Cloud gaming is the future and this blog has a very interesting take and some good insights.
--quoted just in parthttp://www.gamesindustry.biz/articles/2 ... pean-daily
there's an expectation in some quarters that streaming technology will eventually replace client-side gaming entirely, with Sony's Gaikai acquisition already being trumpeted as proof of this "inevitable" market movement. The reality in the short- to medium-term will be much less dramatic. PlayStation 4 is not about to become a $99 thin client for cloud gaming; it will be a powerful client-side gaming console with lots of storage for digitally distributed titles and a Blu-ray drive for boxed titles. It will also, however, use Gaikai technology, not to replace the existing functionality of game consoles but to supplement it.
What Gaikai promises, rather than an alternative path forward for high-end gaming, is a variety of new opportunities at the low- and mid-range of the market. It's a fantastic option for selling access to a back catalogue, for example, and should provide Sony with many new opportunities to monetise the impressive back catalogue of PlayStation, PS2, PSP and PS3 titles. Those opportunities are not merely technical (although this should, in theory, eliminate some of the barriers to making legacy titles available on new systems), but also commercial. Subscription business models or the ability to use back catalogue access as a sweetener for other subscription products are also opened up by Gaikai - and Sony has already demonstrated an affinity for that kind of proposition with PlayStation Plus, which makes an increasingly impressive library of software available to customers for the duration of their subscription.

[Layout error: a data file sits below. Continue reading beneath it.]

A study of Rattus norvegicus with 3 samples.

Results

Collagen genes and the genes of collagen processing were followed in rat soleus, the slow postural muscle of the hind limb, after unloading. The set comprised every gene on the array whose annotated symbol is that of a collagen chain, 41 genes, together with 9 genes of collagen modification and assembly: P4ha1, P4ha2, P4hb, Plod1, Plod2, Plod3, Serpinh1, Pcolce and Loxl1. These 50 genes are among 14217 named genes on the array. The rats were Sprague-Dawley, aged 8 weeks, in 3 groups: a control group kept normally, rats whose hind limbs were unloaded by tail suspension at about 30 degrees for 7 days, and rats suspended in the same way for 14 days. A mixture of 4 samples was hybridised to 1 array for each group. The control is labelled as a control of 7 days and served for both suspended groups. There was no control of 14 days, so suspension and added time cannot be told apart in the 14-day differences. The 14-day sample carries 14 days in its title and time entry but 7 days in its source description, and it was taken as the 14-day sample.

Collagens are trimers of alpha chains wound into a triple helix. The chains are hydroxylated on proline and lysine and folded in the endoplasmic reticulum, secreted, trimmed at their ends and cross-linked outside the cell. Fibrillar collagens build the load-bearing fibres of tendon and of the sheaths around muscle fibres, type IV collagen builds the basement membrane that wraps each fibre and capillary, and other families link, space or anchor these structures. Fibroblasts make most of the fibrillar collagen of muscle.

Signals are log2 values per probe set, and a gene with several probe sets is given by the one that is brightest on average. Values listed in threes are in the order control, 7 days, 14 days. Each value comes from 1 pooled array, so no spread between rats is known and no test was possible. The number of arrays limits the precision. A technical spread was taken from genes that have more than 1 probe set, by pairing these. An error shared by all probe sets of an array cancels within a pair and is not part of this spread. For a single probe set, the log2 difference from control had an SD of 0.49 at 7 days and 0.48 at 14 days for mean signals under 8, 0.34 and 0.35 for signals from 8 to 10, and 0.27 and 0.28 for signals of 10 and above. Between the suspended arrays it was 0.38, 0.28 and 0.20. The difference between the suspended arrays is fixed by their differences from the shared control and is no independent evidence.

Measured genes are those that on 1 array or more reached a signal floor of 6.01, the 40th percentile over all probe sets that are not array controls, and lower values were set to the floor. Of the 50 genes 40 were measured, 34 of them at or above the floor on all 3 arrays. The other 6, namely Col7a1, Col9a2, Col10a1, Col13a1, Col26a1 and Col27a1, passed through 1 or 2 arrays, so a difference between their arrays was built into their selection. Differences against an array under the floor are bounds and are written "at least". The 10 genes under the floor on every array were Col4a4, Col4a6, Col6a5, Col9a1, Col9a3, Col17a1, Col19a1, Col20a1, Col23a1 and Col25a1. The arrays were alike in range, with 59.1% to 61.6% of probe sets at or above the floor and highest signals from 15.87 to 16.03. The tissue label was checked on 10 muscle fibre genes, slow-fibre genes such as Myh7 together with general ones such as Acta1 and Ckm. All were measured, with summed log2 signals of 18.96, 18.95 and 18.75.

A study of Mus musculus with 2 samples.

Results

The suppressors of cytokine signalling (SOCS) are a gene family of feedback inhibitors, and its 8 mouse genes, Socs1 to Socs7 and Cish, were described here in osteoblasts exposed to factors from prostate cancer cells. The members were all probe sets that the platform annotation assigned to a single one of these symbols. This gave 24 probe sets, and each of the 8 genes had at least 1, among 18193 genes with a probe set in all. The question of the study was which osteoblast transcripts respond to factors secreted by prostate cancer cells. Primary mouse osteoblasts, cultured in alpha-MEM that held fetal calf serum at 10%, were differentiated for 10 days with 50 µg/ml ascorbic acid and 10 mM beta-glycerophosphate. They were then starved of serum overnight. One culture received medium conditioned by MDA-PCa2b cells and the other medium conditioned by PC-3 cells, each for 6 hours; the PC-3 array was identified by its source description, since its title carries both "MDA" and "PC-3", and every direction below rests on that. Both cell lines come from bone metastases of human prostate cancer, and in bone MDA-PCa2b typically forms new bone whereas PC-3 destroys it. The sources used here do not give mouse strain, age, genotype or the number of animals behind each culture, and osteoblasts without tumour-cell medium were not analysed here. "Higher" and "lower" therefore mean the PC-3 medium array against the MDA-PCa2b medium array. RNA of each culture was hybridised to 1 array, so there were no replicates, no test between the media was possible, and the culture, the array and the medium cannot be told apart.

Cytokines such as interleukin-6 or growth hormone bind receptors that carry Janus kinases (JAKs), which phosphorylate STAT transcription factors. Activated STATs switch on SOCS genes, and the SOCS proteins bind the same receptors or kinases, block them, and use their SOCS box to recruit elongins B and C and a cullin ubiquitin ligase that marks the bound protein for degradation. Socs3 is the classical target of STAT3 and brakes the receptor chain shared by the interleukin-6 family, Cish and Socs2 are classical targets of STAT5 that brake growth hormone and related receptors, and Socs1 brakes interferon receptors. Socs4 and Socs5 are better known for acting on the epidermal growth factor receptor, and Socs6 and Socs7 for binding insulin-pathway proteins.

Gaikai is also, as its founder Dave Perry has been keen to emphasise from the outset, a great marketing tool. As game demos have grown in size, now often clocking in at multiple gigabytes, they've become less and less appealing to consumers - many of whom, especially in the United States, face tough bandwidth caps from their ISPs. Streaming offers a chance to let players try a game instantly without the inconvenience of a large download.
... The vision is straightforward - Gaikai everywhere means PlayStation everywhere. Televisions, smartphones, laptops, tablets, consoles, all accessing PlayStation Network and streaming your content from the cloud, finally allowing that extraordinary 15 year history of software to become a proper selling point for everything Sony. In fact, if Sony is being really clever, it will even extend this access beyond its own devices - honouring end extending Gaikai's E3 deal with Samsung to create an ecosystem around PlayStation which is accessible even from phones and TVs that don't carry Sony's brand.